The term "one world," as it applies to music, makes one think of vapid New Age background sounds. This is where musicians take little exotic bits of music from Third World countries and turn rich cultural legacies into fast food sounds with no distinction and a wisp of the original flavor. It wasn't always this way. Back in your crazy Uncle's day - the 70's, the decade that will never die - bands like War, Mandrill and Santana had no trouble mixing the music that they heard and loved with their own cultural roots. Mandrill, in particular, was consciously created - personnel-wise - to include members with Latin and Caribbean roots to go with as black Americans and one of their psychedelic, white, hippie friends. These artists took the beat of the streets - jazz, soul, Caribbean and Mexican music into their hearts, minds and souls - and came out as a nice hybrid that took the fire and guts of these different music strands and not just the surfaces.

One World lives up to this legacy, creating a Pan Latino music that leans heavily on the Mexican tradition; itself a creole melange of different styles: country swing & blues from Texas, Spanish flamenco and Cuban music. Best of all, they avoid the vapidity trap because band founder and leader Frank Unzueta has deep roots in this music, coming from a family with Mexican-born grandparents and a mother who played piano and loved classical, mambo and mariachi music. Authenticity, after all, doesn't come in a can.

The songs on 'Share My Love' range from hybrids to rockers to straight traditional Latin numbers. The title track is based on classic mariachi music. A flamenco guitar intro sets up a fast waltzing tempo. The melody is echoed and stated by viola and violin, and propelled by drums, percussion and bass. Urzetta sings this song, an appeal to universal love, in the strident manner of a Mexican singer, despite singing in English. The next cut, "Got A Letter," takes a radical turn into Santana-land. The opening salvo features blazing electric guitar over a hard rock beat. It breaks suddenly into a rock Salsa mix, the signature sound of Woodstock-era Santana. The Latin groove and influence continues throughout the CD but in different forms and with different musical flavorings.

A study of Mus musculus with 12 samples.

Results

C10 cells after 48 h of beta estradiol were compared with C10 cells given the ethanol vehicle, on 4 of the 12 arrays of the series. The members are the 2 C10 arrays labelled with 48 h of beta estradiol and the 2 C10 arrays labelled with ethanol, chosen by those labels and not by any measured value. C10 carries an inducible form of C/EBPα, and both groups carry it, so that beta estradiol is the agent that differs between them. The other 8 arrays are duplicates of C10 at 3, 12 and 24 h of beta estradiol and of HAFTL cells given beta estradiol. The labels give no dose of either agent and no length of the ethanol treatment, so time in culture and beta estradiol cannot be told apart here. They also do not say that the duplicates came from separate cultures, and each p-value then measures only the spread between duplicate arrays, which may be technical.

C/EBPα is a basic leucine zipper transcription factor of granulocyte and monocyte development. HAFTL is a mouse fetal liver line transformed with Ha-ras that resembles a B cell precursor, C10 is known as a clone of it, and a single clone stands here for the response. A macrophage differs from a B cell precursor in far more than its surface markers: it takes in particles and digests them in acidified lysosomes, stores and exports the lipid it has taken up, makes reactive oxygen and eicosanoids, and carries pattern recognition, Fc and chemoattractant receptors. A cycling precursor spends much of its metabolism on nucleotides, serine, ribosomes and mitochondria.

"Las Calles" starts out as a traditional Spanish language mambo, with sweetly passionate vocals and violin colorings. Then the drummer, Art Valdez, switches to a rock feel on the choruses giving the song more intensity. "Orale 5:02" is a blues infused rock cut featuring the sonorous vocals of percussionist Alandras Brown. The Latin element, present on every cut, comes through on the backing vocals. The biting, dueling electric guitars by Unzueta and Mitchell Chavez are stellar. "Tina Mas Fina," an instrumental tribute a fine, fine babe, is hard-hitting Latin jazz, with vocals and a saxophone melody that is a virtual tribute to Prez Prado. The one world idea and the overall theme of love are expressed, also: "Latin soul hip hop old school and anything you like to get your groove / now it's time to slow dance, there's that special girl so take a chance."

Virtually every song on Share My Love is a love song, whether it's love lost ("My Love Where Are You") and found ("Got A Letter" and, in "She Longed For His Love"), love offered (the title track and "Give Yourself to Me"), and yearned for ("If You Were Mine"). While many love songs in the worlds of R&B, pop, and indie emo rock tend to slide into the muck of maudlin sentimentality and emerge covered in sap and pap, here this is avoided by lyrics that are simple and real and music that expresses passion and energy. This is a result of Ursetta's excellent arrangements and the powerful playing of Valdez, the bass player, Larry Steen, and Unzueta and Brown's singing. All in all One World, while leaving much of the world out of its music, lives up to its name as far as the Latin diaspora is concerned, and Share My Love es muy satisfacción.

About the Author:

Mark Kirby received his B.A. from Oberlin College back in the days when heroin was harder to find than pot and sex didn't kill you. He is a drummer, screenwriter, and fixture in the bars and clubs of N.Y.'s Lower East Side and the current mecca of the New Bohemia, Williamsburg, Brooklyn.